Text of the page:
Las Vegas sets new all-time heat record

by / ⠀News / July 9, 2024
Vegas Heat

Las Vegas experienced its hottest day on record Sunday as temperatures soared to 120 degrees Fahrenheit at Harry Reid International Airport. The scorching heat shattered the city’s previous all-time high of 117 degrees, which was reached in 1942, 2005, 2013, 2017, and 2021. The National Weather Service (NWS) reported the preliminary record-breaking temperature of 118 degrees at 2:33 p.m. local time.

By 3:15 p.m., the mercury had climbed to 119 degrees before finally hitting the unprecedented 120-degree mark around 4 p.m.

Las Vegas is currently under an excessive heat warning that is expected to remain in effect through at least Thursday, July 11. The NWS has warned residents to brace for “dangerously hot conditions for an unusually long period” across parts of northwest Arizona, southeast California, and south central and southern Nevada. Several daily record high temperatures were shattered over the weekend in the three states.


Palm Springs, California, set a new all-time heat record with 124 degrees on Friday, while Kingman, Arizona, tied its 2017 record of 112 degrees.

Las Vegas reaches unprecedented heat

This July heatwave follows the hottest June on record, according to global temperature analysis, a trend scientists believe is closely tied to global warming and the reckless burning of fossil fuels.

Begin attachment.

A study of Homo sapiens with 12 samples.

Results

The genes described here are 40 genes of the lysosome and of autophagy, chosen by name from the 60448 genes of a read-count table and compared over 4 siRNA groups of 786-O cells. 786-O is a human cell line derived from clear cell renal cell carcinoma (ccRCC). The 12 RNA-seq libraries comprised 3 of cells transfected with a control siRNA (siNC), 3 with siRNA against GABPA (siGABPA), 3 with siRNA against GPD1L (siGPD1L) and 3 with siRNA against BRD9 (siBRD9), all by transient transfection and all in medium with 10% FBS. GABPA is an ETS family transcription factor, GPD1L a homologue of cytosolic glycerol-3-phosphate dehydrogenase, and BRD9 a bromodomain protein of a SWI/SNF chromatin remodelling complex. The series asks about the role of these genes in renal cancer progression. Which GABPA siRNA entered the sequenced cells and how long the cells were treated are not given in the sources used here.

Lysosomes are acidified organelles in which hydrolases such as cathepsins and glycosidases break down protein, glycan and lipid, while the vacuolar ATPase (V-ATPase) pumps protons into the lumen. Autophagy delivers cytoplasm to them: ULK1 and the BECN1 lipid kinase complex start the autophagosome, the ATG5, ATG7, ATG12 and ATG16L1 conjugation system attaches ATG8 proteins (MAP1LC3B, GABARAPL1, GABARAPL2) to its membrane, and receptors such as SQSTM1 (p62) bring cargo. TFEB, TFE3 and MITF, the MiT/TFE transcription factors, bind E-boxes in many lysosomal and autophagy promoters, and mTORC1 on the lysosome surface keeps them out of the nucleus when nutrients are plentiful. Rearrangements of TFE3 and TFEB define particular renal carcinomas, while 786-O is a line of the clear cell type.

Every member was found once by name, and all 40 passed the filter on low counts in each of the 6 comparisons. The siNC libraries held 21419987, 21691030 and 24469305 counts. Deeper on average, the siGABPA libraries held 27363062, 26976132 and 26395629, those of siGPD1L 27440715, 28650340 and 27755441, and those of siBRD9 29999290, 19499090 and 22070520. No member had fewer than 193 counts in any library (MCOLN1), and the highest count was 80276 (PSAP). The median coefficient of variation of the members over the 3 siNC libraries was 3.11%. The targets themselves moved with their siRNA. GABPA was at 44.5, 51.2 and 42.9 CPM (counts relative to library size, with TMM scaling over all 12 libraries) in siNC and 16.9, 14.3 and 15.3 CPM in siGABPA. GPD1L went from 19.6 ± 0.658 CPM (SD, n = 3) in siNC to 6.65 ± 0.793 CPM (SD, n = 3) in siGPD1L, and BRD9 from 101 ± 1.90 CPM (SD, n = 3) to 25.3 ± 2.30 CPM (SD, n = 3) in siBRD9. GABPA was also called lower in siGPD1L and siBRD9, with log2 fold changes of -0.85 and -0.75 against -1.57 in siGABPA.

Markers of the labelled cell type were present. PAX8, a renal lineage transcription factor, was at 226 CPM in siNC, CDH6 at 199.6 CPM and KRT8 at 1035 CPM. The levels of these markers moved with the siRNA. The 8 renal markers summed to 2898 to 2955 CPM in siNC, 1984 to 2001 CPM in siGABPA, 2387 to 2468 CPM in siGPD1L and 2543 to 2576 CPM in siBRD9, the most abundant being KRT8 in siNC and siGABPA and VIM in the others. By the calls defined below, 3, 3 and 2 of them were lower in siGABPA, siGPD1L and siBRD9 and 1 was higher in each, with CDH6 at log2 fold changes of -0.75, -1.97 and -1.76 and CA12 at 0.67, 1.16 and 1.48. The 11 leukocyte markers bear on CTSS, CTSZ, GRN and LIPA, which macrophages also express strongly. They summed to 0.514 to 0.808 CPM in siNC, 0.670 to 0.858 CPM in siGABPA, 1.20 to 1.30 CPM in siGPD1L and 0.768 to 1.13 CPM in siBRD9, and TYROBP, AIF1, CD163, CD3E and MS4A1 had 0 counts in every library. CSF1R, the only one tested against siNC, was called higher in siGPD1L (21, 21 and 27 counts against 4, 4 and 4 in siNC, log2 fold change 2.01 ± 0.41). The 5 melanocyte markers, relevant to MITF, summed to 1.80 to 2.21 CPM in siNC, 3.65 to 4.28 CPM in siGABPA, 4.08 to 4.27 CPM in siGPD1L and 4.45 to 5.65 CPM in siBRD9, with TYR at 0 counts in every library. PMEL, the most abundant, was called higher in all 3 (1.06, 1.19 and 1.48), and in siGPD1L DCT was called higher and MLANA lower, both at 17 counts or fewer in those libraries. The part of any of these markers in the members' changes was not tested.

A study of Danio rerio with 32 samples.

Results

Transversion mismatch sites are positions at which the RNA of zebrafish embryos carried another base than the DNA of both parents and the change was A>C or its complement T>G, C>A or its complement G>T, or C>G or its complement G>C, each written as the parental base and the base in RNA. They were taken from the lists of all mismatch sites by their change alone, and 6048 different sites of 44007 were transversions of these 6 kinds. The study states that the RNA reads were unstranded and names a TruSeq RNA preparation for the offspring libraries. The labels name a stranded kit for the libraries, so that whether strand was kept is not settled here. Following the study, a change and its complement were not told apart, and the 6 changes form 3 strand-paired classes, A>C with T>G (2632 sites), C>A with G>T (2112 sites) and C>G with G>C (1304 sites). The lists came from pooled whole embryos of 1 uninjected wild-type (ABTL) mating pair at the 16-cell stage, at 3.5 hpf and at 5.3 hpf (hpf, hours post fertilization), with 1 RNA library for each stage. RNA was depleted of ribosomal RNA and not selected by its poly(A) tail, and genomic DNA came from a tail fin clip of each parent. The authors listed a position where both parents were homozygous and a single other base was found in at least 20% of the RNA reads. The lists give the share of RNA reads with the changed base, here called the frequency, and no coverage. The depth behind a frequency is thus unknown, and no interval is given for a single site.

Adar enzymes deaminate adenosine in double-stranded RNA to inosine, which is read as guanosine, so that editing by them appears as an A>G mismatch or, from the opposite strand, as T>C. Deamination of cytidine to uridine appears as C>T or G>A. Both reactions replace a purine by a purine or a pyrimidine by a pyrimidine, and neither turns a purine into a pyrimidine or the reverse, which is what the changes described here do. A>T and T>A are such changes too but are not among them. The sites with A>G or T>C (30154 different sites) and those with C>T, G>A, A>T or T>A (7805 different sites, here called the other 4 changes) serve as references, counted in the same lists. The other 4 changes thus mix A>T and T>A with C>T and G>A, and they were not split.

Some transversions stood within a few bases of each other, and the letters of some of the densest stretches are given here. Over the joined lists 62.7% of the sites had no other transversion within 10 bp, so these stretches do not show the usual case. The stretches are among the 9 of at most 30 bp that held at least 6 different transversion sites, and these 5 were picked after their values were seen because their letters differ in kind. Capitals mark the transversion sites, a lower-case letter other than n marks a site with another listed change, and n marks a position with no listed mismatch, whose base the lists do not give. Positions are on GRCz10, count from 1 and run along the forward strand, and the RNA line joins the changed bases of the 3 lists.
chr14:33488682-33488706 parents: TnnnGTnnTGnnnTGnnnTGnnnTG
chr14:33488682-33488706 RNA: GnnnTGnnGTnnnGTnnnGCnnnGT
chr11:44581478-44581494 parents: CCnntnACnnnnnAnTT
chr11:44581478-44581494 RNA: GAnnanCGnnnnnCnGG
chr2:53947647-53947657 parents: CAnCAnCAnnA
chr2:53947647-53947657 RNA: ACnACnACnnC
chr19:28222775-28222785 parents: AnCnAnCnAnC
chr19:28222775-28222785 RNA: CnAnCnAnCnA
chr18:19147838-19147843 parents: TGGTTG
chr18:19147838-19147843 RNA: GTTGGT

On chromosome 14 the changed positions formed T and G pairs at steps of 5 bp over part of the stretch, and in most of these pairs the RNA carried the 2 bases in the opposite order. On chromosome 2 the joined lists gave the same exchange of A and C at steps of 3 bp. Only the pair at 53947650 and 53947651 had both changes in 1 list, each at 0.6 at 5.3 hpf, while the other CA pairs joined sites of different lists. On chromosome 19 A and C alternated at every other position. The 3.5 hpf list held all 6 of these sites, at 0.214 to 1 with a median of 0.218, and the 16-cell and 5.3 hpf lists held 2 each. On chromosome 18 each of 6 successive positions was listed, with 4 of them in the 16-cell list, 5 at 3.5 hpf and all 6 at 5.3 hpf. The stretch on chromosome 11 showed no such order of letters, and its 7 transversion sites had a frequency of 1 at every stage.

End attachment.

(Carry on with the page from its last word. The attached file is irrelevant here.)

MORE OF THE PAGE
Excessively high temperatures pose serious health risks, particularly for vulnerable groups like young children and the elderly. The NWS has urged residents in the affected areas to drink plenty of fluids, stay in air-conditioned spaces, avoid the sun, and check on relatives and neighbors. They also warned against leaving young children and pets in unattended vehicles, as car interiors can reach lethal temperatures in minutes.

Excessive heat can cause heat exhaustion, with symptoms including cool, moist, pale skin, headache, dizziness, weakness or exhaustion, and nausea. The most severe illness caused by extreme temperatures is heat stroke, which can be fatal. Symptoms of heat stroke include vomiting, confusion, throbbing headache, decreased alertness or loss of consciousness, high body temperature (above 105°F), hot, dry skin, rapid, weak pulse, rapid, shallow breathing, and seizures.


About The Author

Erica Stacey

Erica Stacey is an entrepreneur and business strategist. As a prolific writer, she leverages her expertise in leadership and innovation to empower young professionals. With a proven track record of successful ventures under her belt, Erica's insights provide invaluable guidance to aspiring business leaders seeking to make their mark in today's competitive landscape.